The Alberta Court of Appeal has confirmed the need for Canadian courts to protect animals from violent crimes stating that animals are sentient beings who can suffer and that animal abuse is an offence of violence, not merely an offence of property. This is a ground-breaking legal victory for animals achieved thanks to the work of Animal Justice, a Canadian national animal law advocacy organization.
This non-profit was allowed to intervene in the R v Chen legal case where a man pleaded guilty to abusing his 10-month-old husky puppy, Cinnamon. He was initially sentenced to a 10-year ban on owning animals and 90 days in jail (to be served on weekends), but on appeal, his prison term was replaced by house arrest. The case went then to a higher court, the Alberta Court of Appeal, and in there Animal Justice urged the judges to focus on crafting sentences that protect animals from future harm and provide reparations to address abuse that has already occurred. This could include providing rehabilitation to help the person understand the impact of their actions, offering reparations or resources to care for an injured animal, and imposing a prohibition order to prevent a person from owning or living with animals for life. The judges agreed with many of their suggestions.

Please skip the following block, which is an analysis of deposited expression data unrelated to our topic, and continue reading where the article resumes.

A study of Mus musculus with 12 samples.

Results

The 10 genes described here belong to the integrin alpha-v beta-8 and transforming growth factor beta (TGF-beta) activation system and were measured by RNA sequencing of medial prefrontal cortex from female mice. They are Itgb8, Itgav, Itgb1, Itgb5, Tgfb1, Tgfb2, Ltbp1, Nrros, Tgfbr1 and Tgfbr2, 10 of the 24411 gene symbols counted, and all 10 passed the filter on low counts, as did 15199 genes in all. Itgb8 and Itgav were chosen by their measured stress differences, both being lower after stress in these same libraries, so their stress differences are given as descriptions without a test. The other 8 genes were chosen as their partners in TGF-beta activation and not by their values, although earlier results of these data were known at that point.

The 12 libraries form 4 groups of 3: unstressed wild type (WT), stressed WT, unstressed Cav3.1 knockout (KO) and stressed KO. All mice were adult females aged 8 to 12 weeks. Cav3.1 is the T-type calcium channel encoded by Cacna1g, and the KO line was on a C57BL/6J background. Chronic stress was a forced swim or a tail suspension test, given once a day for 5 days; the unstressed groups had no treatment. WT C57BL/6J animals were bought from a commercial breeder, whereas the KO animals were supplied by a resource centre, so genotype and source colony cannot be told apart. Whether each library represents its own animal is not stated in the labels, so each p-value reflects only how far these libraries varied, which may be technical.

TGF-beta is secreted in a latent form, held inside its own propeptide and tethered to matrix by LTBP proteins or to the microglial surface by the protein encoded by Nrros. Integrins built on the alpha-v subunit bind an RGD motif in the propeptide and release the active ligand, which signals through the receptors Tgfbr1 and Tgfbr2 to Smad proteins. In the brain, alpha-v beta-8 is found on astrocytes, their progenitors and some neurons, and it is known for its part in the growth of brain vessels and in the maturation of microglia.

In the written judgement, the Honourable Justices Marina Paperny, Jack Watson and Frans Slatter wrote this regarding the status of animals as sentient beings:
“The court also opined that, by enacting s 445.1 of the Criminal Code, ‘Parliament recognized, and intended that courts also recognize, that cruelty to animals is incompatible with civilized society’: para 42. I agree that animals, sentient beings that experience pain and suffering, must be treated as living victims and not chattels. Smashing a pet through a window is not the same as smashing a window.”
The Court of Appeal re-instated Mr Chen’s original jail sentence, emphasizing that animals must be treated as living victims, not simply as property.
In a blog about this verdict, Animal Justice wrote the following: “R v Chen has important policy implications for future animal cruelty cases. Courts must consider the animal’s interests when sentencing someone who has abused that animal. Sentencing for animal cruelty cases should involve not merely punishment, but also efforts to protect animals from future harm and reparations for injuries already suffered, and consider ways for offenders to recognize the seriousness of their actions.”